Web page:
Professionally Manufactured Designer Bathrooms Fitted By Master Craftsmen To Exacting Standards.
Bathrooms Oxfordshire For The Cheapest And Best.
Oxfordshire (abbreviated Oxon, from the Latinised form Oxonia) is a county in the South East of England, bordering on Northamptonshire, Buckinghamshire, Berkshire, Wiltshire, Gloucestershire, and Warwickshire. It is divided into five local government districts: Oxford, Cherwell, Vale of White Horse (after the Uffington White Horse), West Oxfordshire and South Oxfordshire. The county has a major tourism industry. The area is noted for the concentration of performance motorsport companies and facilities. Oxford University Press has headed a concentration of print and publishing firms; the university is also linked to the concentration of local biotechnology companies. The main centre of population is the city of Oxford. Other significant settlements are Banbury, Bicester, Kidlington, and Chipping Norton to the north of Oxford; Witney to the west; Thame and Chinnor to the east; and Abingdon, Wantage, Didcot, Wallingford and Henley-on-Thames to the south. Future population growth in the county is hoped to be concentrated around Banbury, Bicester, Didcot and Witney, near the South Midlands growth area. The highest point of the county is Whitehorse Hill, in the Vale of White Horse, reaching 856 feet (261m). Oxfordshire's county flower is the Snake's-head Fritillary.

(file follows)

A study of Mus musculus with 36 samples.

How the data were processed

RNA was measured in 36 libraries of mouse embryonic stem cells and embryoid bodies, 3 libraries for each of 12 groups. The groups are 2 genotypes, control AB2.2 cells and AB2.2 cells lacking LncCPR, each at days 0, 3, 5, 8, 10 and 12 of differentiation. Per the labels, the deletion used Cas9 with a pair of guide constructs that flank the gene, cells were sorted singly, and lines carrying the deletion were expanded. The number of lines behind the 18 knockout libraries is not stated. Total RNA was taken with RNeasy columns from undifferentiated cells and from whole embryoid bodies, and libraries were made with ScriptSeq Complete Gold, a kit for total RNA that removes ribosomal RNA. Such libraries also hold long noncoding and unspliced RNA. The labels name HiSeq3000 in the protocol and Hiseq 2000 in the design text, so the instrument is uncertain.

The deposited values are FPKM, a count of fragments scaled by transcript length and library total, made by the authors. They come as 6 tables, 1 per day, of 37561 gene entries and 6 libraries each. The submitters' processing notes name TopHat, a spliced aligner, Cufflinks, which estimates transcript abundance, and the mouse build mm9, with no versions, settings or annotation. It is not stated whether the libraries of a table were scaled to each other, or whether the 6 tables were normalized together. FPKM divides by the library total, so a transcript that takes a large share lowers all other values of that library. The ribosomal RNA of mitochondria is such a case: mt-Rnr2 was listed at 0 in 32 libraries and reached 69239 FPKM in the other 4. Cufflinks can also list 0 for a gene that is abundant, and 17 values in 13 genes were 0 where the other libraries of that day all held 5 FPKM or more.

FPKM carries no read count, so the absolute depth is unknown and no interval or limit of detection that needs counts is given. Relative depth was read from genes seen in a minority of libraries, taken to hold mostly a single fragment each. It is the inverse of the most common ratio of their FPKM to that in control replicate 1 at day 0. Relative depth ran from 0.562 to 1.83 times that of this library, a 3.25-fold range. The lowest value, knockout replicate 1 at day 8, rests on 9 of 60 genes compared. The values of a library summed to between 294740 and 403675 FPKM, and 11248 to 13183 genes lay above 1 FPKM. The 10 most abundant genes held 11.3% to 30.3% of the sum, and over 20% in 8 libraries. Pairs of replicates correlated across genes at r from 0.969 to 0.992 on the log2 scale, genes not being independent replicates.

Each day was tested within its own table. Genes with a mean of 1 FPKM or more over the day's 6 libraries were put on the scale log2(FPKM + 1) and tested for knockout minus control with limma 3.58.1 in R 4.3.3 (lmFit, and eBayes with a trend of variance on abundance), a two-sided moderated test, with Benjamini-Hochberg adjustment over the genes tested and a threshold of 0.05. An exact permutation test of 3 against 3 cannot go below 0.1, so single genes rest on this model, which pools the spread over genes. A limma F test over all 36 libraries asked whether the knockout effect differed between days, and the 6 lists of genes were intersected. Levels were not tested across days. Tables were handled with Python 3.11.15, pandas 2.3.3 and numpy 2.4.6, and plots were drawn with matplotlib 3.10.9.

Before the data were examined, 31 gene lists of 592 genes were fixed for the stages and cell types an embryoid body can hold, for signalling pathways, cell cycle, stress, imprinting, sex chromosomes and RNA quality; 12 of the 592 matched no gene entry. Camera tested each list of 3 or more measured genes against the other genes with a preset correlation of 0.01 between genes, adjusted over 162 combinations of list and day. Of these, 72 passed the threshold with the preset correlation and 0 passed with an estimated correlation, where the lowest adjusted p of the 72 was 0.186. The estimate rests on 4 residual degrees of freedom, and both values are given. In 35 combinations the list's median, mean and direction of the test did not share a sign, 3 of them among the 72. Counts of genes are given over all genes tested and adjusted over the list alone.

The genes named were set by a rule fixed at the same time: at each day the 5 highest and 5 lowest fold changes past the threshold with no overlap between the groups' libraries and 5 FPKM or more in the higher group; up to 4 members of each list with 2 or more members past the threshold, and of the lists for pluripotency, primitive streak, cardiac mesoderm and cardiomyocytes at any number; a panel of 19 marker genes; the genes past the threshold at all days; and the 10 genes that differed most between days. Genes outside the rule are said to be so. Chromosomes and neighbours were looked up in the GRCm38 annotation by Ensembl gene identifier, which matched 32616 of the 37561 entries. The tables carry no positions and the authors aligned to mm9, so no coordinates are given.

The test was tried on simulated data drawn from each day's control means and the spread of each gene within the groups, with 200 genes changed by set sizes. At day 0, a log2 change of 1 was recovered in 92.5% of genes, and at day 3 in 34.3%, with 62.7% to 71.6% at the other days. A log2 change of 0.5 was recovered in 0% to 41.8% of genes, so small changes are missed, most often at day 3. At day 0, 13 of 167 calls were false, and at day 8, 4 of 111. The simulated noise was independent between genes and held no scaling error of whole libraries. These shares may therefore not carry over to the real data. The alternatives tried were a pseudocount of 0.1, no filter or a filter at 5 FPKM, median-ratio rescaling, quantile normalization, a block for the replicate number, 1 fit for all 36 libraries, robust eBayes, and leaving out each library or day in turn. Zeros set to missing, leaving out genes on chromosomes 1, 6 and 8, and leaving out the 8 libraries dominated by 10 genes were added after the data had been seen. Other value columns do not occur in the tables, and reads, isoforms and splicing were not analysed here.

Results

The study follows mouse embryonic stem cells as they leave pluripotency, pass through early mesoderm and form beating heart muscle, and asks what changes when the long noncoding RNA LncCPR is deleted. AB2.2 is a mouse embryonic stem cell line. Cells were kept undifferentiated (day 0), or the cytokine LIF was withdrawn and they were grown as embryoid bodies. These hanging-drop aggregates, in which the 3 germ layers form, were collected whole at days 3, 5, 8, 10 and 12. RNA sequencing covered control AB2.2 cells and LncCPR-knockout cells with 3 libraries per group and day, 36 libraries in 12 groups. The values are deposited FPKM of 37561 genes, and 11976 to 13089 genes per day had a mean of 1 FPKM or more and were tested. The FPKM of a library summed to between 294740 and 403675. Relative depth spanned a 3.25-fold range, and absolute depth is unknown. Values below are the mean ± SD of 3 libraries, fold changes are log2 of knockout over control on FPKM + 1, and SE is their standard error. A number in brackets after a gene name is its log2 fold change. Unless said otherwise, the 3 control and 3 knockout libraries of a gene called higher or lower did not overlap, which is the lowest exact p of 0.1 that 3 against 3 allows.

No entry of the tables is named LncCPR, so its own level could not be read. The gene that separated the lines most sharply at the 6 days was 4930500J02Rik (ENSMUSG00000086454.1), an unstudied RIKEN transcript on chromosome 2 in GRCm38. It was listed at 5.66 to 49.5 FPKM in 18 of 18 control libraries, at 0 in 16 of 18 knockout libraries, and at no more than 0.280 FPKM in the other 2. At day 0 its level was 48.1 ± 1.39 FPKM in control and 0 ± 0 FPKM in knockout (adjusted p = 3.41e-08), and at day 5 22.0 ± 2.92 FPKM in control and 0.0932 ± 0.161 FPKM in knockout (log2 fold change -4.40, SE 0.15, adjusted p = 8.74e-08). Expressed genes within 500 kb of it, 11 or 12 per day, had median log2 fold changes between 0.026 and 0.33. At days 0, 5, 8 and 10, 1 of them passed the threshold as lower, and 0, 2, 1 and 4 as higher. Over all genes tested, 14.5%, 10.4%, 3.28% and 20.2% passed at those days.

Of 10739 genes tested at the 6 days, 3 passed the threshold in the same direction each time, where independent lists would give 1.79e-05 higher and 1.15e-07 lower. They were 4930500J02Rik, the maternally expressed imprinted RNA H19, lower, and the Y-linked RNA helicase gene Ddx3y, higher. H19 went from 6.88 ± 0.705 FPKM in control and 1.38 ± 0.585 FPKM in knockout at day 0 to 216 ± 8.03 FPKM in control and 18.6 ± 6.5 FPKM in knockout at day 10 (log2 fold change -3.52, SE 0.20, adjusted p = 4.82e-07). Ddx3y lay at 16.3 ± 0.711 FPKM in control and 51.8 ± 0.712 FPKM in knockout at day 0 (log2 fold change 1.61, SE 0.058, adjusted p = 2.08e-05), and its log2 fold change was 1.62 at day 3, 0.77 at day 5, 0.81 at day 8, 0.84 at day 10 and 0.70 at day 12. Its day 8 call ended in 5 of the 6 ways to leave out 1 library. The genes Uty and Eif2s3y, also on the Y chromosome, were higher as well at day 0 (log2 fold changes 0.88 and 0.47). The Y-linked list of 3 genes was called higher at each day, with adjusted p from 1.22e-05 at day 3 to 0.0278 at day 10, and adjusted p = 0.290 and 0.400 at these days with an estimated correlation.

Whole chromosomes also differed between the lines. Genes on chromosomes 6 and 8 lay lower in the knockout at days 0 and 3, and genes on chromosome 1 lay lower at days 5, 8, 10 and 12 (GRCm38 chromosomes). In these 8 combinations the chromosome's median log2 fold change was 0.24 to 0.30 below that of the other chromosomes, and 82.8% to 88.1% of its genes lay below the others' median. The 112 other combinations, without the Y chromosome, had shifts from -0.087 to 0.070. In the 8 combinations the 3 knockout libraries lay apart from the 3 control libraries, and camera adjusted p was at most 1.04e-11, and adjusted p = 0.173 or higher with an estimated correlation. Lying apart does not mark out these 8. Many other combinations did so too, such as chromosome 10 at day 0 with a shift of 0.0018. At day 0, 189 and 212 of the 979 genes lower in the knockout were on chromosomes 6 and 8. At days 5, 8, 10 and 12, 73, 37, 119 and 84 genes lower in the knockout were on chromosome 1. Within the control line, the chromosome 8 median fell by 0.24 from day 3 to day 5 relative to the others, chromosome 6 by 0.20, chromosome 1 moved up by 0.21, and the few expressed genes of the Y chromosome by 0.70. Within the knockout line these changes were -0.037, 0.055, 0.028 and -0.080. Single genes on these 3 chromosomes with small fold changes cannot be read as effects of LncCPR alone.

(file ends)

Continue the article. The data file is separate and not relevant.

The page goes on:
History of bathrooms .
Although it was not with hygiene in mind, the first records for the use of baths date back as far as 3000 B.C. At this time water had a strong religious value, being seen as a purifying element for both body and soul, and so it was not uncommon for people to be required to cleanse themselves before entering a sacred area. Baths are recorded as part of a village or town life throughout this period, with a split between steam baths in Europe and America and cold baths in Asia. Communal baths were erected in a distinctly separate area to the living quarters of the village, with a view to preventing evil spirits from entering the domestic quarters of a commune.